Ulster Unionist Party Leader Robin Swann has warned that major steps need to be taken soon to avoid Northern Ireland heading towards a serious veterinary workforce crisis.
Robin Swann said:
“I recently had the pleasure of hosting the British Veterinary Association at Stormont. That evening however, and in the weeks since, I have been approached by several local vets who are deeply concerned about the unsustainable position that the industry is in.
“The industry is facing a profound recruitment crisis, especially practices in more rural towns and villages which carry out TB testing. I am well aware of practices even in my own constituency of North Antrim which have been advertising vacant posts for months, but with little or no uptake.
“It is just a fact of life that farming doesn’t work to time and many of the callouts are in the middle of the night. Whilst this was accepted as simply part of the job for previous generations of rural vets, it is an expectation that an increasing number of new vets entering the profession are unwilling to meet.
“As a result there has been a steady shift of new graduates preferring to work in practices specialising in small animals, and as a result many of the others are having to deal with growing agricultural demands – including relentless TB testing – with diminishing staff resources. This is a situation which is growing increasingly unsustainable.
“One experienced vet who privately contacted me recently warned that the industry is facing a perfect storm of an ageing workforce nearing retirement, an inevitable increase in workload as a result of Brexit, greater numbers of younger female vets moving to part-time and less unsociable working hours and a large proportion of the vets who had come here from the European continent returning back to their home member states. Whilst any one of these factors would be a problem, all four combined will soon culminate into the biggest workforce crisis local veterinary services have faced in decades.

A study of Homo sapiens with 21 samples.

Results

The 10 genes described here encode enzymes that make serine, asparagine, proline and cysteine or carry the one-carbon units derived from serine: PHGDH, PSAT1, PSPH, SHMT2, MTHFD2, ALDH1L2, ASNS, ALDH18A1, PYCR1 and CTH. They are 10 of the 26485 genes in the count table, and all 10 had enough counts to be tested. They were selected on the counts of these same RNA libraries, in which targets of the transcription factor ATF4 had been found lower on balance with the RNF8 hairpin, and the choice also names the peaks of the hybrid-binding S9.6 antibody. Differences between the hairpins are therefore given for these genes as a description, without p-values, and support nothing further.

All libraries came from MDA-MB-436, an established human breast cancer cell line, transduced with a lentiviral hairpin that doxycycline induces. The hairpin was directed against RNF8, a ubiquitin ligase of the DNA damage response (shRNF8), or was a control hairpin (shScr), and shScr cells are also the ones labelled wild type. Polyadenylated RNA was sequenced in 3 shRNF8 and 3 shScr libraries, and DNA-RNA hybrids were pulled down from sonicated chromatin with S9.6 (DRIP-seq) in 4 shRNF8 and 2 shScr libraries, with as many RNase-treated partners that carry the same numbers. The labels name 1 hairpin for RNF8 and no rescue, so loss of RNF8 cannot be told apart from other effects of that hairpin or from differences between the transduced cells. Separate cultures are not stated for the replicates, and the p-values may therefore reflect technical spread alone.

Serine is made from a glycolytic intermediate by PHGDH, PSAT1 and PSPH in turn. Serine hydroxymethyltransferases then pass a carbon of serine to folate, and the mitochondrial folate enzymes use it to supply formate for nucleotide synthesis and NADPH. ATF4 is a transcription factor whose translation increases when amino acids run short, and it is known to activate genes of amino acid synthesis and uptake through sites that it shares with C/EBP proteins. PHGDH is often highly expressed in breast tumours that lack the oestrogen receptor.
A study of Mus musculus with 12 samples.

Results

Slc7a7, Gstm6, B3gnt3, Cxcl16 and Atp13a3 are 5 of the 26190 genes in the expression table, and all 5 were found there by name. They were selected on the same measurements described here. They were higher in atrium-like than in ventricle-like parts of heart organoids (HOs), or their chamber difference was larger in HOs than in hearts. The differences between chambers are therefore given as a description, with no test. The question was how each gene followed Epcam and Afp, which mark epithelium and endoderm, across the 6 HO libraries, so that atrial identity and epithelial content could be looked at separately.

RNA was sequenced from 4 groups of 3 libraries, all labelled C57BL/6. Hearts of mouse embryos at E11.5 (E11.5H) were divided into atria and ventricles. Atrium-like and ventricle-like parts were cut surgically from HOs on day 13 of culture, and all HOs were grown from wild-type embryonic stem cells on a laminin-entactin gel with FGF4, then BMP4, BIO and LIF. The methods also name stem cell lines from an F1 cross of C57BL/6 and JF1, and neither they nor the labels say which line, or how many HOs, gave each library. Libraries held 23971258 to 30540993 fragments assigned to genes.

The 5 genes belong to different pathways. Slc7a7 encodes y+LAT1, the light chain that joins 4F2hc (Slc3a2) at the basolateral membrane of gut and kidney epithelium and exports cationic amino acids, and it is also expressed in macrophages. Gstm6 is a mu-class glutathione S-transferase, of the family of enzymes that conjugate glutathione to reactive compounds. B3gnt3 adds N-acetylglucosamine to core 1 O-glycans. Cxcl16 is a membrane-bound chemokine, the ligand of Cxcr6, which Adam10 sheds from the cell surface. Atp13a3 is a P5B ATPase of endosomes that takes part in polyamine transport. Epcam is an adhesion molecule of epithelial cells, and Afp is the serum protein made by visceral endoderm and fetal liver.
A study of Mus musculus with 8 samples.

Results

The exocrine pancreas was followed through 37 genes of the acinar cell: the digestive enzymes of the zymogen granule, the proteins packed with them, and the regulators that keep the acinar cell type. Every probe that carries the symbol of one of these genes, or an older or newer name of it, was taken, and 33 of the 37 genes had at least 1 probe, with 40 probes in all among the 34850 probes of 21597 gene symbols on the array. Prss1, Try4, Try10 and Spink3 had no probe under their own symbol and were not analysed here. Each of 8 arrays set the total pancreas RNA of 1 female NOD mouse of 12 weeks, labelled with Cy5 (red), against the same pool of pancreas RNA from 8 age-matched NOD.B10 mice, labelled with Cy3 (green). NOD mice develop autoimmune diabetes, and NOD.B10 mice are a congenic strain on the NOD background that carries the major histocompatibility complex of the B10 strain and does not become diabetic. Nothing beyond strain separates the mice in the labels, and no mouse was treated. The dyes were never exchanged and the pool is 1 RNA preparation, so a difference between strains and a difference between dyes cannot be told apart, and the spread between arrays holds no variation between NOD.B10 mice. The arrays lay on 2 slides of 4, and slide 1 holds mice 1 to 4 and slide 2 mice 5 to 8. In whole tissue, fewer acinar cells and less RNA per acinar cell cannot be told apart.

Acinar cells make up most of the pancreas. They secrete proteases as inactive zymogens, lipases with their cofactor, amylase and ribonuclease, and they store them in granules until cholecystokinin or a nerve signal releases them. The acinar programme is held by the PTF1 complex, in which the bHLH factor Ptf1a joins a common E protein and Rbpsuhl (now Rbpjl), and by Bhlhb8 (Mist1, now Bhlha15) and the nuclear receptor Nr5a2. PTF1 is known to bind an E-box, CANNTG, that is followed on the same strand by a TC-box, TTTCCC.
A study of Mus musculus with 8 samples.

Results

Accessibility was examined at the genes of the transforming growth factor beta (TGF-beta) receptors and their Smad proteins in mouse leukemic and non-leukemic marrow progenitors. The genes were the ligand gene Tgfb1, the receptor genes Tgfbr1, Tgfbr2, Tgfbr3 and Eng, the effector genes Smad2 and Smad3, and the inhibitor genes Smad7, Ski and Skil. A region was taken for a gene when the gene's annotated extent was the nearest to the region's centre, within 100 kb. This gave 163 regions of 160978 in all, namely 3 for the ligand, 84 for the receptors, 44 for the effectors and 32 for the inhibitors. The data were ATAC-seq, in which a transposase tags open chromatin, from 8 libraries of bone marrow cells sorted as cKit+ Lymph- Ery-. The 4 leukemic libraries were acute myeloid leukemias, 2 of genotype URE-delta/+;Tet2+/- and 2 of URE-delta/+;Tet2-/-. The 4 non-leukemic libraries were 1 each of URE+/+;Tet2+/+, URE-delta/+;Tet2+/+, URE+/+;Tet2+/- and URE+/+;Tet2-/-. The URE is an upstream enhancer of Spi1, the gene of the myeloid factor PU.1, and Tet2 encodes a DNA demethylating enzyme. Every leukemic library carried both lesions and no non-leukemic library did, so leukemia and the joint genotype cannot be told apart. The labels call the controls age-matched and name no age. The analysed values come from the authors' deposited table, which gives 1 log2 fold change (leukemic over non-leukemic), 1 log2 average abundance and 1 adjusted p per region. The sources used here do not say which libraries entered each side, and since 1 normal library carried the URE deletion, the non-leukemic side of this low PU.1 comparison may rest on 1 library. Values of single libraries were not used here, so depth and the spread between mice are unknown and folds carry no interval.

“If local veterinary practices can’t attract or retain the staff, farmers will soon find that it is increasingly difficult to get a vet into their yard. Agriculture will be the sector most directly hit.
“As a previous Chairman of the Employment Committee at Stormont, I was very interested in a past proposal from the Ulster University to establish a School of Veterinary Medicine at one of their campuses. Importantly they had noted that as a result of the growth of the local agriculture sector the focus of their vet school would be on animal health and welfare, supporting the agri-food industry instead of focusing on domestic animals.
“I will be writing to the Departments at Stormont asking for an urgent update on a veterinary school in Northern Ireland, urging them that this is an issue which requires immediate intervention to avoid a catastrophe in local veterinary services. Training local vets in Northern Ireland wouldn’t immediately fix the problem, but it would go a long way towards it.”